Hochul comes to Brownsville, gives more funding to violence interrupter programs 

Governor Hochul at BIVO’s headquarters in Brownsville announces more money for violence interruption programs (Credit: Alex O’Connor)

Governor Kathy Hochul came to Brownsville Thursday to announce more funding to over two dozen violence prevention organizations as part of a $13.6 million commitment to fight gun violence. 

Joining Hochul for the announcement was Brownsville Assemblywoman Latrice Walker (D-Brooklyn) and several local violence interrupter advocates.

“You all come from different experiences. But you all came here for a common purpose. And in some of your cases, your common purpose may be to stop others from having the experience you had. Right. You don’t have to do this. This is not your destiny,” said Hochul. 

Thirty organizations across the state will be able to hire 150 more violence interrupters, thanks to the state funding, and Hochul praised the work of these organizations and the violence interruption model.

“So it has that power in those stories and those personal connections that only you can give to people that I can’t, I can fund you, but I will not have the same credible messenger out there that they need to hear from. And that is how we’re making a difference,” the governor said.

The model relies on the expertise of credible messengers, like Booba [would not give full name for safety reason], a violence interrupter at Brownsville In Violence Out (BIVO). BIVO members belong to the community they work in and oftentimes have direct experience with gun violence, and who can identify vulnerable young people.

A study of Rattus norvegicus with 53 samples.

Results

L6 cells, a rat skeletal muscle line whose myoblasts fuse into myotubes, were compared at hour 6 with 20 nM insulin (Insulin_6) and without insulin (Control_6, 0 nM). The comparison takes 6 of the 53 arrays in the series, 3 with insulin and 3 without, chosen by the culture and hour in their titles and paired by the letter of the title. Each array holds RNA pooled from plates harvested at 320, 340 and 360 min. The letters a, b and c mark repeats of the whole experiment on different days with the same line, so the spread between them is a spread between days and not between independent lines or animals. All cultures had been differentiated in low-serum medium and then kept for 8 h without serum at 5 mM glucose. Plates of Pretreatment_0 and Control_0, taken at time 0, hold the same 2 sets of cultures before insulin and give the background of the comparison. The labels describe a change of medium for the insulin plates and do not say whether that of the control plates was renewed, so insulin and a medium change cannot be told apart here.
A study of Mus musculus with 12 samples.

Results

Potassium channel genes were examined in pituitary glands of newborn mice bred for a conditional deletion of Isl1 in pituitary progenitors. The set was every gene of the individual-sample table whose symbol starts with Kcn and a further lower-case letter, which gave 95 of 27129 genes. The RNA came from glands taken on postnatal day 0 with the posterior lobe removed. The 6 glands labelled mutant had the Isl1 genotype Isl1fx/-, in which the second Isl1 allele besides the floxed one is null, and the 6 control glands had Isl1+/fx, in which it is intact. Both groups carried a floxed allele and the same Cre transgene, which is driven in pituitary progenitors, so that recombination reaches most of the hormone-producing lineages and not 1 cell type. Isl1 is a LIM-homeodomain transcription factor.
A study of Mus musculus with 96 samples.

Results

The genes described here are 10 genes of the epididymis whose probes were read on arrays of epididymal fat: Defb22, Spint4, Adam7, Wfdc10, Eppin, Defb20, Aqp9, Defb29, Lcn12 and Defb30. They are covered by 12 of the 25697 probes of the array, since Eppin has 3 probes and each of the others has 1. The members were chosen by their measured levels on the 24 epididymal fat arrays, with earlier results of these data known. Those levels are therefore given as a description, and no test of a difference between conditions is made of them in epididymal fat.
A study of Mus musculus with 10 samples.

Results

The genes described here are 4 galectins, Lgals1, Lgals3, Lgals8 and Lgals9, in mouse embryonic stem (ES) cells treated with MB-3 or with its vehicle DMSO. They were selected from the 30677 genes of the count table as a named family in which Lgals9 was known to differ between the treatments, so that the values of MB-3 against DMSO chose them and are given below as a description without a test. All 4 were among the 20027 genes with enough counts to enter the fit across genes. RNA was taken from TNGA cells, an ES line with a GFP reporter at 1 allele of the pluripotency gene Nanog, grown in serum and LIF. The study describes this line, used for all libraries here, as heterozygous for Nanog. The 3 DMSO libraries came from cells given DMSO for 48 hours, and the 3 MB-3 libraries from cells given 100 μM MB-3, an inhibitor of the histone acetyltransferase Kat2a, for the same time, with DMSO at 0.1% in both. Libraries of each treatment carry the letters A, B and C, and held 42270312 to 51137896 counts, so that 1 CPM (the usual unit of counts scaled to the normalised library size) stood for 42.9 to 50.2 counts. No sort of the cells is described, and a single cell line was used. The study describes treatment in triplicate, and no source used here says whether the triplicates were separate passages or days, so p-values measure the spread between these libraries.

Booba said he makes contact with the vulnerable young person in question and then brings them into their network, and introduces the young person to his colleague, India, an outreach coordinator, who further integrates the person to identify needs and provide resources and support. 

Hochul’s funding will allow BIVO to hire three more employees.

Hochul also pledged $2 million to a “Community Capacity Development Fund” to support the victims of violence, recognizing the traumatic impact of gun violence on communities afterwards. 

Hochul mentioned the pain of the Uvalde mass shooting in Texas as well as the recent mass shooting targeting the Black community in a supermarket in her hometown of Buffalo. She reiterated her administration’s commitment to protecting public safety, most notably through passing comprehensive legislation strengthening the state’s regulatory control of gun ownership after the U.S. Supreme Court’s ruling effectively eliminating concealed carry prohibitions. 

Walker praised Hochul for investing in communities while at the same time curtailing the expansion of gun rights through legislation.

“We cannot police our way out of this problem. We have to invest in the community because we know the best respondents are our violence interrupters and as lawmakers we have an obligation to pour resources and social services into our most vulnerable communities,” said Walker.